Until recently, discussion of ‘creativity in exile’ has focussed almost exclusively on a few European male writers, from Dante to Joseph Brodsky, who sought refuge abroad from political oppression. This volume, with accompanying 100-minute DVD, ranges much more widely, to examine the extraordinary creative endeavours in a range of media of men and women in almost every part of the world who, for a host of different reasons, have experienced displacement from their homelands. It brings together papers by academics, many of whom have experienced exile themselves, on topics as diverse as: the visual arts in Colombia, fiction by displaced indigenous peoples, convicts and slaves as exiles, writings about the partition of Bengal, the culture of Palestinian Americans, philosophers on exile, and the significance of cooking to refugee communities, which are interspersed with poems by contemporary writers in exile. The use of the DVD format has permitted the inclusion of: studio interviews with notable exiled writers from Nigeria, Cyprus and Bulgaria, extracts from two films relating to exile, a live reading of his work by an Iraqi poet, an audio and sculptural installation by a First Nations Canadian artist, and a performance by musicians in exile from Burundi.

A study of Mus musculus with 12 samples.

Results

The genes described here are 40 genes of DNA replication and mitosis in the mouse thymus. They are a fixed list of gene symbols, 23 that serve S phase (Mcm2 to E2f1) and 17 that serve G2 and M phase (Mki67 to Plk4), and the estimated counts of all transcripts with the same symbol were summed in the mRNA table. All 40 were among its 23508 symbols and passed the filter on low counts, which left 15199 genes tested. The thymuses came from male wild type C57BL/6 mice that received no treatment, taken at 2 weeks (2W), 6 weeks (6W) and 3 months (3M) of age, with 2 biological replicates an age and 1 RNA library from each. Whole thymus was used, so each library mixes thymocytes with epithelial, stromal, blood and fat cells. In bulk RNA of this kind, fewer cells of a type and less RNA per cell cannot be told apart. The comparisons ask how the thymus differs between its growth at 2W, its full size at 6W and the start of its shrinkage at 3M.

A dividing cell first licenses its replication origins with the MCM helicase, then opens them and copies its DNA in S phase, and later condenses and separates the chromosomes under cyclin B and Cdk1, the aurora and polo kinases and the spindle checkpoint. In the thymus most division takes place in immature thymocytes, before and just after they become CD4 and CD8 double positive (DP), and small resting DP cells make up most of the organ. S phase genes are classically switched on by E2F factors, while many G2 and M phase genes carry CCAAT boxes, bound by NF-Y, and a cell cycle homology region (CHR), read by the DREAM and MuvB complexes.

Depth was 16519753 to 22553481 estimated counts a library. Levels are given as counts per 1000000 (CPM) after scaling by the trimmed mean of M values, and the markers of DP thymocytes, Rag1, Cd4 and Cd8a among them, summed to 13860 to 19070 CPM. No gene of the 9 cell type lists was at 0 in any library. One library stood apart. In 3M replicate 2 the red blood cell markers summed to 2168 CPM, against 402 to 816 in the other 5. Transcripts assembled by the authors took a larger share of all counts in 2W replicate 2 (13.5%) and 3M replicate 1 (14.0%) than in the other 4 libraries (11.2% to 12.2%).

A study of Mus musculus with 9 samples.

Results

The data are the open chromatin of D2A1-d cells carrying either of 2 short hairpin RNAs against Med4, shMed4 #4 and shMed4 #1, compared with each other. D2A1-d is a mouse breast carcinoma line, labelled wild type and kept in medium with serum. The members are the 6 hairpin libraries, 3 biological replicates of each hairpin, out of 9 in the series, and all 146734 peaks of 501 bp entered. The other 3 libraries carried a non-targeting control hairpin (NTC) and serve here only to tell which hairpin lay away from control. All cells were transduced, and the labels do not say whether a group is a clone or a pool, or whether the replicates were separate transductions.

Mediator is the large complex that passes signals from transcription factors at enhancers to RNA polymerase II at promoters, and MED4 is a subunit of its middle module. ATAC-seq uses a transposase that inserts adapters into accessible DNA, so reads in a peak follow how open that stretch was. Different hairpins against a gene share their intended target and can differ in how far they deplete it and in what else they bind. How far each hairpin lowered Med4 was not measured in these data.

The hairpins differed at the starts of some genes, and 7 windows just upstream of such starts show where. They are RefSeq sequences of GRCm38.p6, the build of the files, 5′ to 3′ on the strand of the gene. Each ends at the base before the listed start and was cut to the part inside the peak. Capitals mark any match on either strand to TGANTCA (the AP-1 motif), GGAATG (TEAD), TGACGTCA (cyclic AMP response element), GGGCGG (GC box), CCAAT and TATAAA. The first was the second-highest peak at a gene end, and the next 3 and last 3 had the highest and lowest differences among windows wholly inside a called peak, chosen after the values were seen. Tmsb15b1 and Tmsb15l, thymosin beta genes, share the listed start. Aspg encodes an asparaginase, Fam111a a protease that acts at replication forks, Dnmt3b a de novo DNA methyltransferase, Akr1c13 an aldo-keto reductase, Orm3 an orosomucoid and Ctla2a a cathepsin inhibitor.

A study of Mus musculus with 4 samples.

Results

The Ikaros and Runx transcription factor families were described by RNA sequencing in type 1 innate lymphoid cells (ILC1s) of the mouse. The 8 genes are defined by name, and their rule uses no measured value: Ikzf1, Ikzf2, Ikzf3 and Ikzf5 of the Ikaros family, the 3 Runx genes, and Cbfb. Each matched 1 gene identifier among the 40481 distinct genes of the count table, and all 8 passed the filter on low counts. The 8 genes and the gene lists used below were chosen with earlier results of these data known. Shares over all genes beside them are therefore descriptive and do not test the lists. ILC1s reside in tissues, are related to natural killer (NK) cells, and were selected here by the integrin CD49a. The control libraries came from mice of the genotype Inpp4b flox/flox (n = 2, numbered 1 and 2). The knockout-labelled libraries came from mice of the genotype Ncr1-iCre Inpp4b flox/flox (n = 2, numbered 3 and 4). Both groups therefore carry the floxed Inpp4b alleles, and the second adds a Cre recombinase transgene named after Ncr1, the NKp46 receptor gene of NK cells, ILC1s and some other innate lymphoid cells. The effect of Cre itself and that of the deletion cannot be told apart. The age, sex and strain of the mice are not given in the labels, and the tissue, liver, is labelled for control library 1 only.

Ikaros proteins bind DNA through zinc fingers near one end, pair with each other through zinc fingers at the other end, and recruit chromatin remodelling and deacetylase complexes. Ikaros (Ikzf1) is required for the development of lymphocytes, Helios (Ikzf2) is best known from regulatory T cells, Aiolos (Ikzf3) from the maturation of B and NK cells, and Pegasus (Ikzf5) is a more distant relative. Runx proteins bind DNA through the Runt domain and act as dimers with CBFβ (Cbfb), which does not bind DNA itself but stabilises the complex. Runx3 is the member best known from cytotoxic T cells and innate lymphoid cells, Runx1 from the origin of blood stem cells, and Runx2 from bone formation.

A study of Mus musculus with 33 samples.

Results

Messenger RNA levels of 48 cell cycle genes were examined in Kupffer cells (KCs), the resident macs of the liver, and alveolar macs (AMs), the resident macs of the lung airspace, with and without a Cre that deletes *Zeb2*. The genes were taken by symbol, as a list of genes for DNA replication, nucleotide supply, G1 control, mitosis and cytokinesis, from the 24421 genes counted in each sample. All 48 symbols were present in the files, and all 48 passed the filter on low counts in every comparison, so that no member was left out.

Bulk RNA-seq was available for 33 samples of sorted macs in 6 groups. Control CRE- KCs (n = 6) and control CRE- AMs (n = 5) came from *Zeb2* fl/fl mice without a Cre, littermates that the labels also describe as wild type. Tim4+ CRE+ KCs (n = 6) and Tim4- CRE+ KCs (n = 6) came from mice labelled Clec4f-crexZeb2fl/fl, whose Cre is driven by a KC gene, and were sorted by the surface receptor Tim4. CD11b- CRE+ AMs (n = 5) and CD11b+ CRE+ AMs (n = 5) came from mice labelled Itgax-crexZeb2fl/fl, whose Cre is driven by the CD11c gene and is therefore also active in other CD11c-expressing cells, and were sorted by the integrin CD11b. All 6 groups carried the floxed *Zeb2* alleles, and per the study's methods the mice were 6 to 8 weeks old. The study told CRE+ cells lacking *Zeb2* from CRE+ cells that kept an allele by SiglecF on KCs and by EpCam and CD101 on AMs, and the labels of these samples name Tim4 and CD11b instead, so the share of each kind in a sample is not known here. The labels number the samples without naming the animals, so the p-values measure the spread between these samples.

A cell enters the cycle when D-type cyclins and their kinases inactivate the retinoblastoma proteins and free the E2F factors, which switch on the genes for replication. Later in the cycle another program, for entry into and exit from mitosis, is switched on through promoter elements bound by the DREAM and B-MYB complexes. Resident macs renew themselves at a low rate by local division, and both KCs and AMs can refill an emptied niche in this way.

Travellers in Time and Space / Reisende durch Zeit und Raum

The German Historical Novel / Der deutschsprachige historische Roman


Edited by Osman Durrani and Julian Preece

The Challenge of Keats

Bicentenary Essays (1795-1995)


Edited by Allan Conrad Christensen, Lilla Maria Crisafulli, Giuseppe Galigani and Anthony L. Johnson

Two centuries after his birth in October 1795, John Keats occupies a secure place in the canon of great literature of the western world. But for much of the nineteenth century and even during periods of the twentieth century, his right to such a position was not so firmly established. On the bicentenary of Keats's birth, various Italian scholars, along with specialists from English-speaking countries, decided to take advantage of the occasion not only to render homage to a poet whose greatness now seems unchallenged but also to accept his continuing challenge to his readers. The contributors to this volume re-examine some of the harshest criticisms of Keats, from Byron onwards, and some of the unconditional exaltations of the poet in order to discover possible sites between the two for new critical impulses and fertile re-evaluations of his achievement. Under five headings - Romantic Truth, Textual Readings, History and Myth, Keats and Other Poets and Painting and Music - the essays in this book appraise the historical-cultural contexts that nurtured Keats's creativity; discuss the influences and interrelationships among Keats and other poets; and consider Keats's artistry as revealed in the analyses of particular texts.